Reaching Your Potential

Developing Power

There are many proven ways to develop power.  Mainly it comes down to you, and what workout routines are best for your success.   


 Here are a few tips on developing your fast-twitch muscles, and helping with your top end speed on a bike:

You need to get strong first. Over-geared efforts (heavy gear/low cadence) will help with your pure strength.

Then you need to turn your strength in to power. This is achieved by introducing some explosive efforts, i.e. standing starts, or rolling efforts, where you get on top of your gear

Finally, the tip of the fitness iceberg is transferring your power in to speed. This involves sprinting! Some high cadence work will help, along with hitting your maximum power output, whilst travelling fast. Without beating around the bush – you need to practice sprinting at full speed. This is most effective when you are relatively fresh, as when you are fatigued – you will struggle to produce the aerobic exercise power required to push your limits.


Speed versus Endurance

The old axiom of speed goes up, endurance goes down, is it true?


 To keep the concept simple and usable, I like to look at work that is faster than race pace and work that is slower than race pace as two opposing forces in a tug-of-war match. If we do too much work faster than race pace, then the rope gets pulled too far onto the speed side and the endurance side is going to suffer the consequences, or vice versa. So, in order to improve, we have to slowly add training stimuli to each side, or, in terms of our example, if we can keep adding equally powerful people to each side of the tug of war, the balance will remain.In fact, we can see this balancing act in science. A recent study on high intensity interval work demonstrates this clearly. In the study they found that after performing weeks of intense interval training, the participants’ performance had improved, but it was due to what we’d call anaerobic adaptations, such as increases in an enzyme called LDH in Fast Twitch (FT) fibers. There weren’t any changes in oxidative capacity or any changes to the Slow Twitch (ST) fibers. Why? Because for this particular workout, the stimulus for adaptation was with the harder-to-recruit Fast Twitch fibers and it was in a slightly anaerobic way. If we did this workout continuously without any endurance side support, we’d get a further and further shift until, eventually, our FT fibers would be really trained, but our ST fibers would be neglected. If we looked at studies on longer aerobic work, we’d see the exact opposite effect.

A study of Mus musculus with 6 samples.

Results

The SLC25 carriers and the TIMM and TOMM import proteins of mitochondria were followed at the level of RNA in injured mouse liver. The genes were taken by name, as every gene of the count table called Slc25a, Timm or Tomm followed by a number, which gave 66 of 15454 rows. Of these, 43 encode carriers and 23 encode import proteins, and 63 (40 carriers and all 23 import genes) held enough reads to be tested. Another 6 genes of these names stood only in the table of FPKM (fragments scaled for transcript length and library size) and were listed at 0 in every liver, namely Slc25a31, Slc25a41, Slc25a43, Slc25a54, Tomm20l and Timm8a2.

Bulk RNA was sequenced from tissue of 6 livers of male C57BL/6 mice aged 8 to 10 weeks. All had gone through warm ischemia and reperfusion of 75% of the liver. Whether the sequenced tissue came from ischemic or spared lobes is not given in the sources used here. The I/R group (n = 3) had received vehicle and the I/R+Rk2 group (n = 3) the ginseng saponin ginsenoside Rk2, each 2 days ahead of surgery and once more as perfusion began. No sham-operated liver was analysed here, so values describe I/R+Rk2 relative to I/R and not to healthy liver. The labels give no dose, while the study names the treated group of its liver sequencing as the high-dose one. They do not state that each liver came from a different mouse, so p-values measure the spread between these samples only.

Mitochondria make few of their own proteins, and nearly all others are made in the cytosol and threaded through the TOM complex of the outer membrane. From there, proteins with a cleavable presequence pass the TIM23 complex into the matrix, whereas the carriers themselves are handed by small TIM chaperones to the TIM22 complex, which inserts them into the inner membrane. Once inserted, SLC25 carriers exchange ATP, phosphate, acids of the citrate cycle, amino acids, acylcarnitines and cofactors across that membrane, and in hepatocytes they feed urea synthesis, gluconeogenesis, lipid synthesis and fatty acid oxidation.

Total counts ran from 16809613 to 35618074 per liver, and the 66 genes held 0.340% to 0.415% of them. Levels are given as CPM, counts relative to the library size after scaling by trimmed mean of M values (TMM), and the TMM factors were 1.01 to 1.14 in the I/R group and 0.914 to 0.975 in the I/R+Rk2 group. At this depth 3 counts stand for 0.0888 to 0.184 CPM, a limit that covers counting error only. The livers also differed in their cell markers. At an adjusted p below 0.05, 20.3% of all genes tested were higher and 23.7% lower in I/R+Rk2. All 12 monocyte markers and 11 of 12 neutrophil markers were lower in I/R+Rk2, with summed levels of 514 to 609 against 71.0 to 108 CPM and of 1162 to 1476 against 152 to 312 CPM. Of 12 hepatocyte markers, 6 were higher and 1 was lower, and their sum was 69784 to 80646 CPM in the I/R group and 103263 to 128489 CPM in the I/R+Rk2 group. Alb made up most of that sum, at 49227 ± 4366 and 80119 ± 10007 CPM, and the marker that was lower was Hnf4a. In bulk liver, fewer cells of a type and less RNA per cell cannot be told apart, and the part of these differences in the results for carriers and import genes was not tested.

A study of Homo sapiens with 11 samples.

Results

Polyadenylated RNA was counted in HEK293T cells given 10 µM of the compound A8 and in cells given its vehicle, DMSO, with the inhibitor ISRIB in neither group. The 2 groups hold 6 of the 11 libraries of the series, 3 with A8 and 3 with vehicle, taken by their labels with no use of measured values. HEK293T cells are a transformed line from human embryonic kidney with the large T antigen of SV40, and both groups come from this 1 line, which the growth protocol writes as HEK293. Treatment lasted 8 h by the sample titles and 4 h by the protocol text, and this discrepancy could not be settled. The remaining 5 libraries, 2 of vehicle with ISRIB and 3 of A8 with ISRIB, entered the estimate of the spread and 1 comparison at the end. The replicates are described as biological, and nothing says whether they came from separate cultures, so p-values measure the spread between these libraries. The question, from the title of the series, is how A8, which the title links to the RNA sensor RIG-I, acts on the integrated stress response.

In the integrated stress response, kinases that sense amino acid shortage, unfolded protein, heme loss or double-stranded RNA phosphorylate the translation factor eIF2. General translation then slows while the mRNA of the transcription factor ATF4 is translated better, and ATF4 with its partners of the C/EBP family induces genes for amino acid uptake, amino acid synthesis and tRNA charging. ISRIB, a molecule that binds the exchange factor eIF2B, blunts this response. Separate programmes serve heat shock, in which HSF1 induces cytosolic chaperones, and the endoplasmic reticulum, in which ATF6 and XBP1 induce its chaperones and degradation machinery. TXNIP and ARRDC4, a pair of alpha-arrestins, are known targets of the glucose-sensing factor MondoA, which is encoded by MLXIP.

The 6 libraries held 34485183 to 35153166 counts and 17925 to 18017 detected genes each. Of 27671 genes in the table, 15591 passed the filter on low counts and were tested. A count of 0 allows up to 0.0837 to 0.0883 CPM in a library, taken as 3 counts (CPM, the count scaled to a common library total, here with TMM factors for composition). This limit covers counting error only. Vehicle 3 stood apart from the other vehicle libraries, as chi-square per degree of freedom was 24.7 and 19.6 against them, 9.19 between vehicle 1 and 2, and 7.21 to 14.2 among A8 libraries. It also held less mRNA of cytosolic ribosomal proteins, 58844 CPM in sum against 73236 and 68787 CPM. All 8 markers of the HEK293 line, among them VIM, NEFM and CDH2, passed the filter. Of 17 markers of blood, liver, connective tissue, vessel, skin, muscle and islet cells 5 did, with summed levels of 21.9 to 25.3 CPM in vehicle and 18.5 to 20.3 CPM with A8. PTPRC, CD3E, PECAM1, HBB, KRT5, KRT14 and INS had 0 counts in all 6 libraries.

The Road Always Rises

Hills can be a challenge to many cyclists.  Several strategies can help you master even the toughest climbs.


 Because climbing is a fight against gravity, your ultimate ability is determined by your power-to-weight ratio. Lean, small-boned riders need proportionally less power to climb well compared to big people. That's why great climbers are nearly always diminutive.

The good news is that you can improve your climbing regardless of your genetic makeup. 


Hills For Intervals
Because you should often be training on hills to improve your vertical ability, it pays to scout out the best climbs within a reasonable distance of home. . You could even use your indoor trainer with your bike's front wheel raised 4 inches to simulate a grade.

Assuming there are some hills in your area, categorize them for specific kinds of training. Ideally, you'll have these 3 types:

  • Sprinter's hills. These are short and fairly steep. So do abrupt climbs - these locally can be up to 15% 
  • Hills for repeats. The best hill for intervals takes 2 to 4 minutes to climb, has a steady grade of 6 to 8% 
  • Long climbs. These can vary from a hill that takes 5 to 20 minutes to climb to real mountains.